An American suburb in Palestine

An American suburb in Palestine? Leave it to Beaver meets the Arabian Nights

The village of Mazraa Sharqiya, only 10 miles outside of the Palestinian Authority administrative capital of Ramallah in the West Bank, is different from many of its neighboring towns, according to a he Jerusalem Post. The Israeli daily recently reported that sixty percent of all the residents of this Palestinian suburb are American citizens.

American dominated towns are nothing new in Israel, with major American populations in cities such as Bet Shemesh and Modiin, but the existence of a separate Palestinian-American identity in the West Bank is less known. Since many of the town’s resident’s live and work in the United States and earn American salaries, they have been able to take advantage of low land prices and cheap construction costs to build a suburban paradise that is two parts “Leave it to Beaver” and one part “Arabian Nights.”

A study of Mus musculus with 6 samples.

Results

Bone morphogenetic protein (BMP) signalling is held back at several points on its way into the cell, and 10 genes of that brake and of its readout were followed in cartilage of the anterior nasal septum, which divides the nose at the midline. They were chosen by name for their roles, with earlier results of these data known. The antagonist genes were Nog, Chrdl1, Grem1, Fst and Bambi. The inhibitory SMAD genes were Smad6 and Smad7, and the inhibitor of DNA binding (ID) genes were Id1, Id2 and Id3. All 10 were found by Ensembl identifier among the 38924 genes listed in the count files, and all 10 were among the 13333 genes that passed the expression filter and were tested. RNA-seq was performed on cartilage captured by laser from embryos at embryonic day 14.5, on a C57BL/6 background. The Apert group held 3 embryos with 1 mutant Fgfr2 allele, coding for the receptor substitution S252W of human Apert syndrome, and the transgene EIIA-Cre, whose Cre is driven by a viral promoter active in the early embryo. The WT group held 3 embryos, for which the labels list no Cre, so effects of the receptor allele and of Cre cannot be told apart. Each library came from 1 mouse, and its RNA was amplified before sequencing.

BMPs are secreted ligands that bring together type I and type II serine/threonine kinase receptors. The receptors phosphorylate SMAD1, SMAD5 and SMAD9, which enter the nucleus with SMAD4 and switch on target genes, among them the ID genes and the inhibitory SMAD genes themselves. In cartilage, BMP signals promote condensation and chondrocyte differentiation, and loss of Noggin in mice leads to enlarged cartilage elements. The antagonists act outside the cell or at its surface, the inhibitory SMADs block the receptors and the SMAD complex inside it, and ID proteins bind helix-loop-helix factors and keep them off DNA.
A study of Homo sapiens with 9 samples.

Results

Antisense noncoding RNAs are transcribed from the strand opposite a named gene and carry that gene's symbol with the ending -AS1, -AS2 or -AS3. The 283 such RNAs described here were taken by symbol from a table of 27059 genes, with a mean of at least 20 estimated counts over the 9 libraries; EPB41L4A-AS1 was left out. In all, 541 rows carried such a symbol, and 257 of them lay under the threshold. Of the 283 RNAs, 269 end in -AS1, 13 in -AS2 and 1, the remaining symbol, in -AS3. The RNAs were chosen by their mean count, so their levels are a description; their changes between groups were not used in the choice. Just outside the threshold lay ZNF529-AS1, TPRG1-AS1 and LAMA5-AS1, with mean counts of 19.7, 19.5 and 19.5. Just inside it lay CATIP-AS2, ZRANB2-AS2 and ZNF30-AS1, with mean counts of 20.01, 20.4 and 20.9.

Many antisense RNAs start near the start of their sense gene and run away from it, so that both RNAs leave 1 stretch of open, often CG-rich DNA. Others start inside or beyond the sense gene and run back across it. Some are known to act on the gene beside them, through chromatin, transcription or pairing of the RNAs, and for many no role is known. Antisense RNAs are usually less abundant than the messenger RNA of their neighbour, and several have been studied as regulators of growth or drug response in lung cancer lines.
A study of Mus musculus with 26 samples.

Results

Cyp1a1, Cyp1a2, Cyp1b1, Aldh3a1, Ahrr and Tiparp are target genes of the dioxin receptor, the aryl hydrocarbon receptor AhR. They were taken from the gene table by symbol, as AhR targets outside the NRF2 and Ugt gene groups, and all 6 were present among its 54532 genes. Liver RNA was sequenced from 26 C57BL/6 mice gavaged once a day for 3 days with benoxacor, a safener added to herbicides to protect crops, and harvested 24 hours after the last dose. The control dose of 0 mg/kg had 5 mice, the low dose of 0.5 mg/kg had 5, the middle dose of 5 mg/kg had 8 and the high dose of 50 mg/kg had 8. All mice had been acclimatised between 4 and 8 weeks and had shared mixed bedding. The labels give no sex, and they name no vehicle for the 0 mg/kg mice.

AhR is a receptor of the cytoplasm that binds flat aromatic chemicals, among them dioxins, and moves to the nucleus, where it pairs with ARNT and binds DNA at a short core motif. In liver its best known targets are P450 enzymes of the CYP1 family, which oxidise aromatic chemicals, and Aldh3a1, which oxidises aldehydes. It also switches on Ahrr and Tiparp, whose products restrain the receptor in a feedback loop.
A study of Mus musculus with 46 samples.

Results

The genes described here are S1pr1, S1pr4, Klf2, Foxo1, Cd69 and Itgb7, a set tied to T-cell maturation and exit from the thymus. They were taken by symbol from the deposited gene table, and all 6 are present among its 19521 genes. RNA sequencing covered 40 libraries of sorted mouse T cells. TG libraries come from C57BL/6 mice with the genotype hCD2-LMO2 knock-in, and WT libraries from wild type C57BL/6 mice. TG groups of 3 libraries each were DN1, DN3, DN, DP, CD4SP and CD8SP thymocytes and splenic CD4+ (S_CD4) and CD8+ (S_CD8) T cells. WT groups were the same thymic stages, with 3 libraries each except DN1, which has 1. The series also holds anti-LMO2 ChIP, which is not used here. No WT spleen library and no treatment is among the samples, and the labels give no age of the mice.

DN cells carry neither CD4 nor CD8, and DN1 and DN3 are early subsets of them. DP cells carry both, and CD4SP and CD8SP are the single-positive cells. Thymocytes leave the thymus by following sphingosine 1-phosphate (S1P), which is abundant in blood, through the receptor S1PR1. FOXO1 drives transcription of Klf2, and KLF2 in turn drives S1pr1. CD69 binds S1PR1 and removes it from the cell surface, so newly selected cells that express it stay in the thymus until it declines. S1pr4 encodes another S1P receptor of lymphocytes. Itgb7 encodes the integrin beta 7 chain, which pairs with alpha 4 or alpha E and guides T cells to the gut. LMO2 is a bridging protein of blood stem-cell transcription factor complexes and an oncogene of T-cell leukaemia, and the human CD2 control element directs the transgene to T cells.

The Post reported that “according to local residents, the origins of the town’s unusual circumstances date back to the 1930s when ‘people left the village because of the lack of jobs.’ Many went to Cuba and, beginning in the 1950s, began arriving in the US as well. Once a villager received American citizenship, he would usually bring along as many members of his extended family as possible.”

Every summer, as thousands of expatriates throng back to their hometown on summer break, the local language switches from Arabic to English and you are more likely to hear youngsters referring to Justin Bieber than Mohammed as they stroll down Mazraa Sharqiya’s main drag.

The American influence is most apparent in the breaking down of barriers cited by the Mayor, who stated that women are now allowed to dance with men at weddings, an act previously banned in this strict Muslim society. This is a far cry from the Hamas controlled Gaza Strip, in which modesty patrols walk the pristine beaches in order to enforce Islamic dress codes.

An interesting mix of people has emerged in this little, Mid-Eastern, slice of America, with local Arabs saying that they have inducted many Cubans, North Americans and Mexicans into their community as honorary Palestinians.